Two-tee start pays off for contenders at Hoylake


HOYLAKE, England – Darren Clarke thought it was a joke. The R&A was abandoning 143 years of tradition and opting for an unprecedented two-tee start? No way.

Informed of the change of plans at dinner Friday night at his agent’s house, Clarke said he “used a bit of foul language and called them a liar.”

It was no prank.

In an anticipation of nasty weather, the R&A announced shortly after second-round play was completed that the remaining field of 72 players would go off split tees and in threesomes. The strong rain, fierce wind and rare lightning they expected actually skirted to the east, and players encountered the most scorable conditions of the week.


Two-tee starts are nothing new for players, of course, since it is the format used for a normal field of 156 during the first two rounds of PGA and European tour events.

In these unusual circumstances, though, Justin Rose said the bunched tee times were a big advantage for the leaders.

“In any golf tournament if you go out early in the morning, you have an opportunity to make up a lot of ground on the leaders,” he said. “That’s why finishing off golf tournaments is very hard, because typically you get the worst end of the golf course, as well as all the pressure. If you were leading the Open, I think it would have been a nice sort of opportunity to come out and play amongst a very level playing field.”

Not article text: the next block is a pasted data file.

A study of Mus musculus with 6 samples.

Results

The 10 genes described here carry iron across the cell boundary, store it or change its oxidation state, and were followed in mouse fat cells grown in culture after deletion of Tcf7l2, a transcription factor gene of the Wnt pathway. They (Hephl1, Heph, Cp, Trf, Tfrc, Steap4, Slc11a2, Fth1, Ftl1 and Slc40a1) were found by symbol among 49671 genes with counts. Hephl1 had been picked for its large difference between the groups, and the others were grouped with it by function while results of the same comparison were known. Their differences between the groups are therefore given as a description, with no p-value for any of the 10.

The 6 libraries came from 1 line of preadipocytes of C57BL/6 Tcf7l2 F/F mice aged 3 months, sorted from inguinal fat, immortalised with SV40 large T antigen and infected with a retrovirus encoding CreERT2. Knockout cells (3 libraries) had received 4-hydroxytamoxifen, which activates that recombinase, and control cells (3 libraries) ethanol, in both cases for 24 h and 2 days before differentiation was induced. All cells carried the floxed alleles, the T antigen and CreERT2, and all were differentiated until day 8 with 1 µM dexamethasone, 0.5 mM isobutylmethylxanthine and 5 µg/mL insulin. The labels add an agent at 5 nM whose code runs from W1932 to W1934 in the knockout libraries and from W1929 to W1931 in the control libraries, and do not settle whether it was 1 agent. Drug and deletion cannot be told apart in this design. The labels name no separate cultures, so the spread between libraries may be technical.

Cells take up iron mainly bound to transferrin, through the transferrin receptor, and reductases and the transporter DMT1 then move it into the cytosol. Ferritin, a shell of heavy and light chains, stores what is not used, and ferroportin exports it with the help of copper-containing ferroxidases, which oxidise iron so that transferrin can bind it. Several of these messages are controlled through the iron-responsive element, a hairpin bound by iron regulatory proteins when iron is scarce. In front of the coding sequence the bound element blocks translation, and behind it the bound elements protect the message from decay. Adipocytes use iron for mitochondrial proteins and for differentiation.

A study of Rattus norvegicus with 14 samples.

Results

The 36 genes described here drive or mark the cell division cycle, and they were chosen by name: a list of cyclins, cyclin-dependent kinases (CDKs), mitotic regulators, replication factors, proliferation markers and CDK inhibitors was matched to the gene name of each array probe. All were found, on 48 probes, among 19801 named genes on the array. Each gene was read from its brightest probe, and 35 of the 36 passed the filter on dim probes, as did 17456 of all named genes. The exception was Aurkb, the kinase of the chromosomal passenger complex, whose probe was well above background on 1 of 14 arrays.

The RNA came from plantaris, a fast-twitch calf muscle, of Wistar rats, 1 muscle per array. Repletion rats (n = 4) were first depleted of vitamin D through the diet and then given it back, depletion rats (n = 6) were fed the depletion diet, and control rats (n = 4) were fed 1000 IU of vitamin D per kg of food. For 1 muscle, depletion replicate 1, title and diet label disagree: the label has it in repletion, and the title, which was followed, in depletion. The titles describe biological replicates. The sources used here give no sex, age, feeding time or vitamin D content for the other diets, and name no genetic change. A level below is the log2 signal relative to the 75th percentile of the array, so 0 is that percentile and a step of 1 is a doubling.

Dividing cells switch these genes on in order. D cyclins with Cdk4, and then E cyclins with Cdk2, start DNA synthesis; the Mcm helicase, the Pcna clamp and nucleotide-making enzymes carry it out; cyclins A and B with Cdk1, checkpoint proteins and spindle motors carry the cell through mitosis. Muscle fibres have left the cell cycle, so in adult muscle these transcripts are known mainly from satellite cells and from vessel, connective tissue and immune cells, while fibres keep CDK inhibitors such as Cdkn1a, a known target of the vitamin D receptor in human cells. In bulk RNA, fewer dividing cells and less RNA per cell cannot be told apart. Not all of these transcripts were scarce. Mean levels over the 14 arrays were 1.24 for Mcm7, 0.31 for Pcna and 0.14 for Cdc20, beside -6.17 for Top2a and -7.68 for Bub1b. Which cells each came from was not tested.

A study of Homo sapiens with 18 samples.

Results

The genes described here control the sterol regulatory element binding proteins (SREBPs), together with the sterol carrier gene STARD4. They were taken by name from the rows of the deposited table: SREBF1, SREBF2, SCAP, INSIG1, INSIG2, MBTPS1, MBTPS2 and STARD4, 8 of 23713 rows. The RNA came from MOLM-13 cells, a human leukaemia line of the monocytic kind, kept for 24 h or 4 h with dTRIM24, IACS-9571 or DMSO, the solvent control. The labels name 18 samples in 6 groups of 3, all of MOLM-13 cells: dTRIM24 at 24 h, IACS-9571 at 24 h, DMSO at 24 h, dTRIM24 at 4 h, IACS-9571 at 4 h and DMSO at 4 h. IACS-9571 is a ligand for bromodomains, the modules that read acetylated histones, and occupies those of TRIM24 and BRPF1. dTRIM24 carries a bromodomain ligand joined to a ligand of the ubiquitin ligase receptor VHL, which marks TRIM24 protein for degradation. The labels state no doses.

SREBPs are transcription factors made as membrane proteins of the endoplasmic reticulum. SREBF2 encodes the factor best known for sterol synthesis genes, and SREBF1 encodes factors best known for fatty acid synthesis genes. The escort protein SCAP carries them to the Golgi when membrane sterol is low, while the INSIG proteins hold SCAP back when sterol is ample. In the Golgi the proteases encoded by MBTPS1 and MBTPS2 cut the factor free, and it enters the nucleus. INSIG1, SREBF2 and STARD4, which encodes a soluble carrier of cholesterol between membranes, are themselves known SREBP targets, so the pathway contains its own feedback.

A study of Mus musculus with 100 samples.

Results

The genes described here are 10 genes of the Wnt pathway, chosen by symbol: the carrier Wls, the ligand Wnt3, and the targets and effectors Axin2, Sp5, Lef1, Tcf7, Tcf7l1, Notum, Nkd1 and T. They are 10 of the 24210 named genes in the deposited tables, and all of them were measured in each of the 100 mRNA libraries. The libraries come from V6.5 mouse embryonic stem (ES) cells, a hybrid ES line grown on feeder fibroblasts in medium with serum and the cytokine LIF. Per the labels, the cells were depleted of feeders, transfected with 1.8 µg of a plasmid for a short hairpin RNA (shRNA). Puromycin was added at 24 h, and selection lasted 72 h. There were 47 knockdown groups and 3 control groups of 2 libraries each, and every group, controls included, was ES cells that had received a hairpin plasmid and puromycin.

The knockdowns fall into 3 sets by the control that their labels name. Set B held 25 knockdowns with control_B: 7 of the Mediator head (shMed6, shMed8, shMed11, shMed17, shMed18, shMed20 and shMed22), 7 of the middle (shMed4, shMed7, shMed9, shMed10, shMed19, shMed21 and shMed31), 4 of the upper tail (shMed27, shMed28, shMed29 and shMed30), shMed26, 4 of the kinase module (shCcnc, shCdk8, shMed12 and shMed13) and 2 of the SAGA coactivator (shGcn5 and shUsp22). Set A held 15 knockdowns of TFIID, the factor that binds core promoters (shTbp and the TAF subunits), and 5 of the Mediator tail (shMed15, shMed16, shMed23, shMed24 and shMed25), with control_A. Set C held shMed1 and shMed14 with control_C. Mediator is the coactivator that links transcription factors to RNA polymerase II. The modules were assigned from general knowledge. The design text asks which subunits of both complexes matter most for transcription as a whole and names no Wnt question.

It also was a bit strange to have players go off 10 without the traditional sendoff from announcer Ivor Robson. In his stead was Mike Stewart, an official on the European Tour, who curtailed his holiday to accept the assignment. Among the players he introduced: Tiger Woods and Tom Watson.

As for Robson, he told the BBC, “I don’t know what I’ll do now this afternoon,” but figured he’d spend the rest of the day watching golf.

Henrik Stenson was among those who started on the back nine, and he said it was a “hassle” because there was a shuttle to the range and then back to the clubhouse and then out to the course.

“We stand there for 15 minutes before we’re going to tee off,” he said. “It’s not ideal, but there was a reason behind it. You can’t really blame that.”

Many players weren’t notified of their Round 3 tee times until late Friday night. Stenson went to bed at 11 p.m. still not knowing when he would tee off, and he said his caddie checked their start time in the middle of the night.

“I was only five minutes off on my guesstimate,” Stenson said.

So, in other words, he was far more accurate than the forecasters.